A dive amid a tangle of ‘ghost’ fishing gear prompts Kirsty Andrews to reassess her emergency escape protocols.

On a recent dive, as I navigated a dark sea loch, an odd mental picture sprung into my brain. Have you seen Catherine Zeta-Jones in the film Entrapment? It wasn’t the smoky eye makeup, lilting Welsh accent or the come-hither expression that rang a bell, you understand, but that bit where she has to contort herself into ever more athletic positions to avoid the maze of pink string / alarm lasers and steal something or other [ It was an antique Chinese mask – Trashy Film Editor]. Except that this was distinctly less glamorous, didn’t involve an ogling Sean Connery and no theft occurred. 

If this rather ancient cultural reference from the previous century is lost on you, I will explain - I went for a dive and there was more old fishing line than I had ever seen underwater. Mostly it was that pernicious monofilament line that is often tricky to spot. It stretched from boulder to boulder at seemingly every angle, just ready to catch an unwary diver. Every so often I would pass a sad sea creature who had fallen into the trap. I did manage to cut a conger eel free but everything else I saw was already dead.

I hasten to add that I didn’t mess with any live fishing activity and no fishermen were there at the time - this was all old stuff or ‘ghost fishing’ gear. The relationship between divers and fishers is a complex one and others are far better placed than me to opine on it, so I don’t intend to be especially critical here. Of course I wish that ghost gear did not exist, but I realise to an extent that it’s inevitable where there is fishing. I was more concerned with my buddy’s safety and my own. 

At one stage in my diving career I wore a leg-mounted bigger knife..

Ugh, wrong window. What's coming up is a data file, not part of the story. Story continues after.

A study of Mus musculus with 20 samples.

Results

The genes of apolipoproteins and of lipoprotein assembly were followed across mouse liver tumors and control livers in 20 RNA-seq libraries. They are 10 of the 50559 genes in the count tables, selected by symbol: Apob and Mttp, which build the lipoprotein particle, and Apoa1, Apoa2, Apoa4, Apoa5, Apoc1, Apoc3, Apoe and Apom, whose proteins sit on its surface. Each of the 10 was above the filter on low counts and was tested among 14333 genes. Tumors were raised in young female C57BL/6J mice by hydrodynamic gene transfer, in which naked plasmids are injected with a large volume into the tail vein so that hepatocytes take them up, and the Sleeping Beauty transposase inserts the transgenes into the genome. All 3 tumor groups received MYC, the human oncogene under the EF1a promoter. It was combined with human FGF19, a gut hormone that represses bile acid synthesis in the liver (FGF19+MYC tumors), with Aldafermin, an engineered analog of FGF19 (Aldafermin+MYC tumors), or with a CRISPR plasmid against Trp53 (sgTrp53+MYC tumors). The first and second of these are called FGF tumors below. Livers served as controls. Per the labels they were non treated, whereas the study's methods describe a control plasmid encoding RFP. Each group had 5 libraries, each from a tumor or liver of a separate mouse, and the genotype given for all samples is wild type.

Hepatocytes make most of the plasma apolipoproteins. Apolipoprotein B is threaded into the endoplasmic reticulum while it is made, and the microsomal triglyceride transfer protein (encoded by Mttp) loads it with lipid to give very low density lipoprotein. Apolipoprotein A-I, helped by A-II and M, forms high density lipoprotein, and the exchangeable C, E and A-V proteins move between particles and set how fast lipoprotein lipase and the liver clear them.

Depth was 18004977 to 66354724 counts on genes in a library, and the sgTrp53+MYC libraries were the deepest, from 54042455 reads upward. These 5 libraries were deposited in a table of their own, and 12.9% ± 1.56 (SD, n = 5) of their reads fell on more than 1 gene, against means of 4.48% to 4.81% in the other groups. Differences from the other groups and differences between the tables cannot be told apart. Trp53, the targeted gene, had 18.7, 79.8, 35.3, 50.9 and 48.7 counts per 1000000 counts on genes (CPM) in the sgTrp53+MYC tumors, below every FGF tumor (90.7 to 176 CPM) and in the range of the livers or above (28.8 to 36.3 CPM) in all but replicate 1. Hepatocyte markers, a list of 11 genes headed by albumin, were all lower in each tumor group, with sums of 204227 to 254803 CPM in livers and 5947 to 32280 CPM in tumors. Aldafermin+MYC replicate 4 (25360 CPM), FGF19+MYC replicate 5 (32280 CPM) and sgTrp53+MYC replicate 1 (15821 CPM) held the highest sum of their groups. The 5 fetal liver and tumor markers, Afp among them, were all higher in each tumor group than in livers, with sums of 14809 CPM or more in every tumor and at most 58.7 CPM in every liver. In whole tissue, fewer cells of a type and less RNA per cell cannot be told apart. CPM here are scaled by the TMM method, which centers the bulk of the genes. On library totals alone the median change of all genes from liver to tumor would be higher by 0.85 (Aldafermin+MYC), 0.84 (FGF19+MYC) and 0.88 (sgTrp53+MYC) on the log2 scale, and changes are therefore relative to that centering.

I was on high alert and kept much closer to my buddy and further from the reef than usual, with my line cutter to hand. In fact, I got to thinking about what cutting gear I brought with me and whether it was sufficient. I am a big fan of the Eezycut trilobite tool, which I’ve used ‘in anger’ a few times. For thin monofilament line it works a treat. I also consider where best to place it: a waist mount is a good option but I have taken to wearing mine on my computer wrist strap. I have experimented and I can access this even with one hand, if the other should be caught (a scenario I’m nonetheless keen to avoid). I’m now thinking of doubling up with one back on my belt too.

At one stage in my diving career I wore a leg-mounted bigger knife, but being totally honest I feel that was more of an entanglement hazard than a help, and I query whether I could access it when needed. Those seem to have gone a bit out of fashion. I do rather like the knives that have a scissor-type element, as they can be very effective at exerting pressure during the cut; shears are similarly well-designed for underwater use. Mount them wherever you like, as long as you can access easily and it doesn’t present a new entanglement point. A torch is also an essential in dark places where hazards can be late to show themselves. To quote words we’ve heard fairly often recently: Stay Alert and Stay Safe, diving friends.

Article by Kirsty Andrews first published in SCUBA magazine, Issue 130 November 2022.